THE EDITOR: Our world is dying and there is no easy way to say it. And this isn’t in reference to the global covid19 pandemic. What I’m referring to is a crisis that has been ongoing for centuries – global climate change, an ecological emergency.
Climate change, a naturally occurring process that takes place over centuries, is now happening at an unprecedented rate within decades, accelerated and caused by human activities. The year 2020 was the worst in recorded history for the natural world. Global temperatures soared to an immense high, being 1.20C hotter than pre-industrial levels. We are now dangerously close to the 1.50C safety limit set by the scientific community through the Paris Agreement of 2015, which put forward the aim to reach carbon neutrality or net zero emissions by 2050.
However, we are currently far from the goals set and with effects becoming worse there is need for more ambitious goals to be achieved by 2030. With greenhouse gas concentrations constantly rising, we draw closer to possible extinction.
Over the past decade we have seen the populations of multiple animal and plant species being severely depleted and with an average of 160 species now extinct. Hurricanes and weather systems have become much stronger, causing more devastation to global communities and sea levels continue to rise at an ever increasing rate, thus affecting coastal regions. Rises in sea surface temperature have had devastating effects on marine life. Wildfires have been increasing and becoming more uncontrollable.
These are just a few of the ever growing list of effects. When the natural world is affected, we are all affected.
Action must be taken to save our natural world. COP26, to be held in November in Scotland, reviews the ongoing work being done by the parties signed under the agreement and the results of their efforts to meet climate goals set by the Paris Agreement.
What does this mean for TT? The economy is heavily reliant on fossil fuels, thus producing large amounts of greenhouse gases, resulting in TT being listed among the top 20 countries with the most greenhouse gas emissions. Our tourism sector relies on our natural environment and in order for it to thrive citizens must do their part.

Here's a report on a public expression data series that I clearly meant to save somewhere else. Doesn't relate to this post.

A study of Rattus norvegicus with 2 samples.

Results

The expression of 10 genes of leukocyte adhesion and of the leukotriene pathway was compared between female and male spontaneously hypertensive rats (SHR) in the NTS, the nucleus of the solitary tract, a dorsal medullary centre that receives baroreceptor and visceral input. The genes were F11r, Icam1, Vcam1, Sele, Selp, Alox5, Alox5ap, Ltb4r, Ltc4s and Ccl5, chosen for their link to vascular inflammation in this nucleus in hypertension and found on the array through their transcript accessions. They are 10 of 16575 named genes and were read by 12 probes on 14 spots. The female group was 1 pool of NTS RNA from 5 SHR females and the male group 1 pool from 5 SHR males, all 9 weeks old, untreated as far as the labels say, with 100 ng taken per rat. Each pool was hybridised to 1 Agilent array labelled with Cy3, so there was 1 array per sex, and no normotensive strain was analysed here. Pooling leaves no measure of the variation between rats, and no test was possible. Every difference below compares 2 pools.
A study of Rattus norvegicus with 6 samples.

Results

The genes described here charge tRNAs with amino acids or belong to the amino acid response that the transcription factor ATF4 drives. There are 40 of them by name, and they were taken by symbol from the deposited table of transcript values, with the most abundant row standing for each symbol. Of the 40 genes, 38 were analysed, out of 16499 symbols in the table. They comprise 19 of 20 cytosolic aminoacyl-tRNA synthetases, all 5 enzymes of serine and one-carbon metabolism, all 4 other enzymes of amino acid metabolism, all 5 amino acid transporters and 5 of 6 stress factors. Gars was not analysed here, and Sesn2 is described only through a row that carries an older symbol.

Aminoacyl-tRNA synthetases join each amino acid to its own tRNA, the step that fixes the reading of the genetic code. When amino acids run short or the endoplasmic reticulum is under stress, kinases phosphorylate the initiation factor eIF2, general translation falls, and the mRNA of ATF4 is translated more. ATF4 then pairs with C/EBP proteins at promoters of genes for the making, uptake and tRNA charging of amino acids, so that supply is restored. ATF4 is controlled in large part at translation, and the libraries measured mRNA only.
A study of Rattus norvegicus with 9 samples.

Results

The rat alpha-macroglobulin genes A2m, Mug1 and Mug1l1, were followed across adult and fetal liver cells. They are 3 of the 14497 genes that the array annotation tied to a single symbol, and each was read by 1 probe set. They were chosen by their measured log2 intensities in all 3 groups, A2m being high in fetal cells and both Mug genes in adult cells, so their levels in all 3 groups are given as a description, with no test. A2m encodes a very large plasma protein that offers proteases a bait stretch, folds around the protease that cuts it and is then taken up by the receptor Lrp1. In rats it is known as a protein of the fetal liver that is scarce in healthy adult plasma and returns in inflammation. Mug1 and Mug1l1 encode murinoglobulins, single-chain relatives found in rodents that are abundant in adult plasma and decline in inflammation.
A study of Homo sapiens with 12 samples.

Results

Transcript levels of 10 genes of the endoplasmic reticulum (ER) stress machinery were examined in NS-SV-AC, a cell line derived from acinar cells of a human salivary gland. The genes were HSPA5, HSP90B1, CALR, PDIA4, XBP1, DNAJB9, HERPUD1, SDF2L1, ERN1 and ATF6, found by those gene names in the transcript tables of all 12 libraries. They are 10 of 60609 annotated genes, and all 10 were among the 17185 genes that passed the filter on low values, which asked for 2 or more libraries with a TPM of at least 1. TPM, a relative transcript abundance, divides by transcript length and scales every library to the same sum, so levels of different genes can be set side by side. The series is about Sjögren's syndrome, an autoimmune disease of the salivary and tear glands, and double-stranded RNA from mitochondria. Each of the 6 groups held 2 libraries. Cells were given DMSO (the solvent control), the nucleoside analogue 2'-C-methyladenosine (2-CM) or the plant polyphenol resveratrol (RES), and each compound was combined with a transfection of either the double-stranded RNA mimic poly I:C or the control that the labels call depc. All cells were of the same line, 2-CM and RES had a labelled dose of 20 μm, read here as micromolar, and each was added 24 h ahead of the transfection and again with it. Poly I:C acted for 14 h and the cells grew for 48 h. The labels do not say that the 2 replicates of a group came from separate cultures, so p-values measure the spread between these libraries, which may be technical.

Let’s face it, who doesn’t like a good beach lime, but it’s only made successful and better when the beach conditions are satisfactory. Right? No one likes going to the beach and seeing it filled with garbage, so why would you leave it there to start. For 2020, when beachgoers returned after the pandemic lockdown, it was certainly a pleasing and ever-beautiful sight. The waters were pristine, the shore was clean, no garbage in sight, exactly what a beach should look like – untouched.
Tobago’s Buccoo Reef, once a marvel for visitors, is now a saddening sight – the diversity of the marine life depreciated, the corals bleached and dying.
These are just a very few of the effects and unless efforts are made to restore the health of our natural environment, then the effects can and will become worse. Government organisations and institutions must provide plans and initiatives that are both ecologically and economically sustainable.
With the emergence of the covid19 pandemic, we have seen the countries of the world pool together to save and sustain themselves. This climate emergency must be treated with the same efficiencies, efforts and responses, if not more than that spent on the covid19 recovery.
There are numerous ways in which people can contribute to change individually that would have a positive and significant impact. We are all a part of the cause, we all face the effects and thus we must all be a part of the solution. Now more than ever is the need for a more ambitious change and global climate action to be taken by us, as nations, as communities, as humanity united against this imminent danger to our world.